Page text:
There were a lot of expectations for the CMBS market this year. It hit $84 billion in 2013, and some thought it could hit $100 billion in 2014. So far it doesn’t look like it’s going to reach that number, says Matthew McGovern, a director at GRS Group based in the New York City area. He tells us why originations have lagged so far in 2014 and what he expects for the remaining few months of the year. Additionally, McGovern speaks about what asset types are especially attractive for CMBS deals, among other topics.
Are there as many CMBS originations and as much activity as you had thought would take place at the beginning of the year?
Matthew McGovern: Although deal volume through the first half of the year appears on track with 2013, the market has been choppy and mostly supported by a long rally that ended abruptly in July after spreads began to blow out following increased tension in the middle east and Ukraine, and the subsequent decline in U.S. Treasury yields. Also, demand began to dry up in August with players packing up and heading off for summer vacations. September and October are expected to see a heavy flow of CMBS issuance, which should subsequently favor new origination volume throughout the end of the year as lenders clear the loan off their books and recoup capital. However, there will be some wood to chop if CMBS issuance is going to exceed 2013, or meet 2014 projections.
Tell us about how the increase in competition hurts the market.
McGovern: I definitely fall in the camp with free market capitalists, so I don’t believe increased competition hurts the market in the long term. Notwithstanding, at this point the stark reality is the economy is still sputtering along and there is a fixed amount of origination activity to go around. Accordingly, not every player will survive. Those shops with mature platforms, or proven execution, will fare better in the long run. Those shops living off the scraps will either fail, consolidate, or transform themselves into boutique shops and continue to survive off flow from good relationships and partnerships. In the short term, however, increased competition does put more pressure on already thin margins. This is great for the consumer, but generally few markets can survive a long drawn out price war. I don’t believe we are yet seeing a dog-eat-dog mentality, and in reality there is little wiggle room.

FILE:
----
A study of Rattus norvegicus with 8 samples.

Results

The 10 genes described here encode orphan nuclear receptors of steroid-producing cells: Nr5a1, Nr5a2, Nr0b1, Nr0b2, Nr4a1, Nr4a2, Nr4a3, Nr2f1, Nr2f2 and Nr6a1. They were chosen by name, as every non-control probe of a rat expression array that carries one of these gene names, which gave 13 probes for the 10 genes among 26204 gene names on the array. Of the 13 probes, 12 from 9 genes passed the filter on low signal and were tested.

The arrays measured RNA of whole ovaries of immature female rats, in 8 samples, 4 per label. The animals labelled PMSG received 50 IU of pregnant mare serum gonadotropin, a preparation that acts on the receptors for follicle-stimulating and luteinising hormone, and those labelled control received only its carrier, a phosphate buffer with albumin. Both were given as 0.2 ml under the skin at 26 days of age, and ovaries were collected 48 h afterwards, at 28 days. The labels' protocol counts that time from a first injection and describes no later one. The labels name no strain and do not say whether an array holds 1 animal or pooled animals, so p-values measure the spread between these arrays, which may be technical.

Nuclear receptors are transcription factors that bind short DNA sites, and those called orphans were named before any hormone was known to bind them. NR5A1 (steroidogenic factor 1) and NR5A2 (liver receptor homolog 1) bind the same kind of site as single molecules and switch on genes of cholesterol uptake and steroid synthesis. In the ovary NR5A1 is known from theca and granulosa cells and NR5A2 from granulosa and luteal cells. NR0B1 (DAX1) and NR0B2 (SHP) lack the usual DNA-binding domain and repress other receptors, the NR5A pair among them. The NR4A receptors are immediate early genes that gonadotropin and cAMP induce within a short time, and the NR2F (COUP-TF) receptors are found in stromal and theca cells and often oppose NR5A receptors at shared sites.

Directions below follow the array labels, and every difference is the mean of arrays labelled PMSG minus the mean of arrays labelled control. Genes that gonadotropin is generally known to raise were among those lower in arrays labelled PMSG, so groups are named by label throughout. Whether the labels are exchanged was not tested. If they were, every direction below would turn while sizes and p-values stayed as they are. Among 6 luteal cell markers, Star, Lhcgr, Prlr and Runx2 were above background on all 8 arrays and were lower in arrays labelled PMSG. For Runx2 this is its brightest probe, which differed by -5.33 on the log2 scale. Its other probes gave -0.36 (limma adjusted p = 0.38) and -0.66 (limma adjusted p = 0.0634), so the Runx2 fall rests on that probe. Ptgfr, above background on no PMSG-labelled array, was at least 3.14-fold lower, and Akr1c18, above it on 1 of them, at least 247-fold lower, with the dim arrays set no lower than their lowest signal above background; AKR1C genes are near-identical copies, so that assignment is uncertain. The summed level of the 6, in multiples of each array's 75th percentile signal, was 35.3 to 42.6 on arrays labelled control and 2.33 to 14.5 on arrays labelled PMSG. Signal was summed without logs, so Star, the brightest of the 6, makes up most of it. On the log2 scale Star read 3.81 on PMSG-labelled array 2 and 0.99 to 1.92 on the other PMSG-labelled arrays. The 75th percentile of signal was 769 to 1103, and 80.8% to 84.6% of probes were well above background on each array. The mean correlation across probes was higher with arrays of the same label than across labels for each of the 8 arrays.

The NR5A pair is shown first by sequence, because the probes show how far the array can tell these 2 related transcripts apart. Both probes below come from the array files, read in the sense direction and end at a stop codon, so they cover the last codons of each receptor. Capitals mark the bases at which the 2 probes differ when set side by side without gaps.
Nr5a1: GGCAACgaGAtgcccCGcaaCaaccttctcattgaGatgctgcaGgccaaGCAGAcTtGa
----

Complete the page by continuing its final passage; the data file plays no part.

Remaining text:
Are apartments still the most popular sector? Is that where you’re seeing the most deals get done?
McGovern: Apartment properties continue to have a good track record for CMBS and origination volume appeared to fare well in the first half of the year. This is due to the lower appetite from agency lenders and changes in agency underwriting standards that had some investors viewing CMBS more favorably. I am not sure that this signaled any real trend, however, as the expectation is that agency lines will be more aggressive in the second half to make up for lost volume.
Are you seeing any property types that are up and coming in the CMBS arena?
McGovern: Not specifically, from my view property types tend to cycle pretty regularly, mobile homes, self-storage, NNN, retail centers, office, and some residential make up most of the flow by sheer number of deals, albeit not loan size. We continue to see high volume in secondary and tertiary markets, which could be triggered by an overall strengthening of the economy.
Is there any reason to think that the CMBS market will improve in the second half of the year?
McGovern: Yes, I do indeed believe that CMBS will either improve or stabilize through the end of the year. We had very favorable conditions for the first half of the year, while some fixed income product, other than CMBS, suffered. This summer we saw the give-back, and subsequent pull-back. Now that the market is more back in-line, there is some overhang in the pipeline, plus new ground to make-up. This should fare well for the second half of the year.